GREELEY, Colo. — Tin Aye died without ever laying hands on her newborn grandson.
Through her six decades of life, she endured a harrowing exodus from her homeland in Myanmar while pregnant with her only child, followed by 15 years in a refugee camp. She and her daughter, San Twin, managed to forge new lives in the United States.
But she could not survive her job inside a slaughterhouse run by the world’s largest meat processing company, JBS. She died last year, one of six people who succumbed to Covid while working at a plant in Greeley, Colo.
In crucial ways, much has changed for workers inside the long, low-slung slaughterhouse in Greeley, a city of roughly 100,000 people on the high plains of northern Colorado. In a new contract secured last summer, the union gained substantial raises from JBS, the Brazilian conglomerate that owns the plant. Colorado passed legislation mandating paid sick leave, after the state shut the plant for more than a week last year. Inside the slaughterhouse, dividers and partitions have been installed to help maintain social distancing.
But workers complain that many of the changes have been aimed at managing perceptions, while stubborn problems remain: not enough distance between people stationed at some parts of the assembly line, inadequate stocks of hand sanitizer, and subtle pressure to come to work even when they are ill.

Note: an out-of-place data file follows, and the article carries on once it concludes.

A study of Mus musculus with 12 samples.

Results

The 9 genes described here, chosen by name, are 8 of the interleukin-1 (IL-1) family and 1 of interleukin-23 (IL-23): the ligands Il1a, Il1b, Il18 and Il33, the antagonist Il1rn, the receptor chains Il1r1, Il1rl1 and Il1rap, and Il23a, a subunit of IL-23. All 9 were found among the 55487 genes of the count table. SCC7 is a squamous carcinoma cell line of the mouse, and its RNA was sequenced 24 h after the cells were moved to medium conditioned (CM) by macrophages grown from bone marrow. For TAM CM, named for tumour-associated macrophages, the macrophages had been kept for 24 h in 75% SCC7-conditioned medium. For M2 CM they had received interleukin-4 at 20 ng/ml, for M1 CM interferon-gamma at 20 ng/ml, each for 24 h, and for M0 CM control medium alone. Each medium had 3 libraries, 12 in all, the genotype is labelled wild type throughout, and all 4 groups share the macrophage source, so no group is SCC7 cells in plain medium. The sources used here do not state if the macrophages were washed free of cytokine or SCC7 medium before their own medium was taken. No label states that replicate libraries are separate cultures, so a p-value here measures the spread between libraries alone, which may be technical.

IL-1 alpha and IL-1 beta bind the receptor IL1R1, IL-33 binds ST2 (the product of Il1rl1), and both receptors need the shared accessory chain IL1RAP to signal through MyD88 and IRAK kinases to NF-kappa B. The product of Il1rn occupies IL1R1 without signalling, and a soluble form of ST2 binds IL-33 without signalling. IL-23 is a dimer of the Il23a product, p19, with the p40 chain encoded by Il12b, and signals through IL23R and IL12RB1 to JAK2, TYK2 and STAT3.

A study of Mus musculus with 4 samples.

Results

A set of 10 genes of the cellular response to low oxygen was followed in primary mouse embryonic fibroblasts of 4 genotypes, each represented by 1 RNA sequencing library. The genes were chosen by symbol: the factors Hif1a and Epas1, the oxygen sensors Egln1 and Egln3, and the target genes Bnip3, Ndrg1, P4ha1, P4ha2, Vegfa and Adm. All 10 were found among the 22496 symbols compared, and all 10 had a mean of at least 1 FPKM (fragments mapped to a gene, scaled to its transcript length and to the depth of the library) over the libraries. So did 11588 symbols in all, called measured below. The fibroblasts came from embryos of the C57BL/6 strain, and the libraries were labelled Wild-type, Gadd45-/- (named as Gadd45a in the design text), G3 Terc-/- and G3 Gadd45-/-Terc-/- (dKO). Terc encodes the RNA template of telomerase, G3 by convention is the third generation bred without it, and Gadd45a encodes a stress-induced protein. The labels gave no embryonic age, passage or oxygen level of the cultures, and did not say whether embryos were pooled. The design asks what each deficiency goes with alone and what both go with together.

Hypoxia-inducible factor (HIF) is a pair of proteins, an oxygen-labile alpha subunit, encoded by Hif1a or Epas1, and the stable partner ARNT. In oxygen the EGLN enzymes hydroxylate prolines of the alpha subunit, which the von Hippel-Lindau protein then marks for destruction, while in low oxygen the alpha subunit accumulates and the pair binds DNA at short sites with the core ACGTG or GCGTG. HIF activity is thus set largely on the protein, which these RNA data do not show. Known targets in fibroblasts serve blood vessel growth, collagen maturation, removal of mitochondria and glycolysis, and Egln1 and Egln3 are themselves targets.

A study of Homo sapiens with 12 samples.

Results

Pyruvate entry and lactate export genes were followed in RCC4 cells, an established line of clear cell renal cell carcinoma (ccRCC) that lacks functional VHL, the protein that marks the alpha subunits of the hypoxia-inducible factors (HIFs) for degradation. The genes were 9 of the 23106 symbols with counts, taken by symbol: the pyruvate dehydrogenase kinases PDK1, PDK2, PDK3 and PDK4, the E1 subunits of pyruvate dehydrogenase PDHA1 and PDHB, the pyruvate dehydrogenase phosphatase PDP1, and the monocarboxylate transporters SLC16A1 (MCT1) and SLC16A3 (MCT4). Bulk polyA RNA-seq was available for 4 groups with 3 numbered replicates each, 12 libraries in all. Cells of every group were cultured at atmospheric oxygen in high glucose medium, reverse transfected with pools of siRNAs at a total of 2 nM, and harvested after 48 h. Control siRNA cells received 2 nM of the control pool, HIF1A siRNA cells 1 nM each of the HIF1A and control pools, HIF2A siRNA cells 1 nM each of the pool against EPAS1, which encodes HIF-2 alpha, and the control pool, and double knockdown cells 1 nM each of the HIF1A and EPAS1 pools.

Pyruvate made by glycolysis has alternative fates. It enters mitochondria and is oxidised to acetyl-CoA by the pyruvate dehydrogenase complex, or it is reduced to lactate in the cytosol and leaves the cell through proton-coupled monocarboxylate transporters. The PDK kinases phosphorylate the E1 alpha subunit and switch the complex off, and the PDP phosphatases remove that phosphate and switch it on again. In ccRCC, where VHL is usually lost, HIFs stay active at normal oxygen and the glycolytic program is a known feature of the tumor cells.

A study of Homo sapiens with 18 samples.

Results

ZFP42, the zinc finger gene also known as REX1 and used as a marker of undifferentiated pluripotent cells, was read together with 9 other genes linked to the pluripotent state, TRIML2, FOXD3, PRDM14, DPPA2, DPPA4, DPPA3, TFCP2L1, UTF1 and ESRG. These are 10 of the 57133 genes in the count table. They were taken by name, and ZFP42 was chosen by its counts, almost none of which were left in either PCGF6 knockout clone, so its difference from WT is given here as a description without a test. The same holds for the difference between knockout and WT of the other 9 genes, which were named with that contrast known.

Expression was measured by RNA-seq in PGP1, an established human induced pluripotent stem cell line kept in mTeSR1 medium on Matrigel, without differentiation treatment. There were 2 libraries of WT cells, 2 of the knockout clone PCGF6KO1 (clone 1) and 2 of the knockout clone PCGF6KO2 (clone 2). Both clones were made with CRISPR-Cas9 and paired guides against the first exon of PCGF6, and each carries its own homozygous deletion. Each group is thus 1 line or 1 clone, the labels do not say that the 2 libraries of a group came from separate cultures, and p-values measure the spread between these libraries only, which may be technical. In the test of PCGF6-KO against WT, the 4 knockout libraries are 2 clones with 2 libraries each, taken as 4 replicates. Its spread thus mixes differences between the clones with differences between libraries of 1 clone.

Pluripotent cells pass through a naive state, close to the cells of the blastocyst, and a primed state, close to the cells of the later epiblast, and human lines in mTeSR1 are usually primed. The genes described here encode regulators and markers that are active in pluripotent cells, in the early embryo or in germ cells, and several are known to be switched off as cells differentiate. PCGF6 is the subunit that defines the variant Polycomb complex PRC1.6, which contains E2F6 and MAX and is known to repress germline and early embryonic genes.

A spokeswoman for JBS, Nikki Richardson, disputed that characterization.
“Our focus throughout the global pandemic has been, and continues to be, to protect our team members from the virus and do everything possible to keep it out of our facilities,” she wrote in an emailed statement.
The Greeley plant, which paid $2,100 bonuses to workers who got the coronavirus shots, has achieved an 80 percent rate of vaccination, Ms. Richardson added. The facility has increased wages more than 50 percent over the past five years.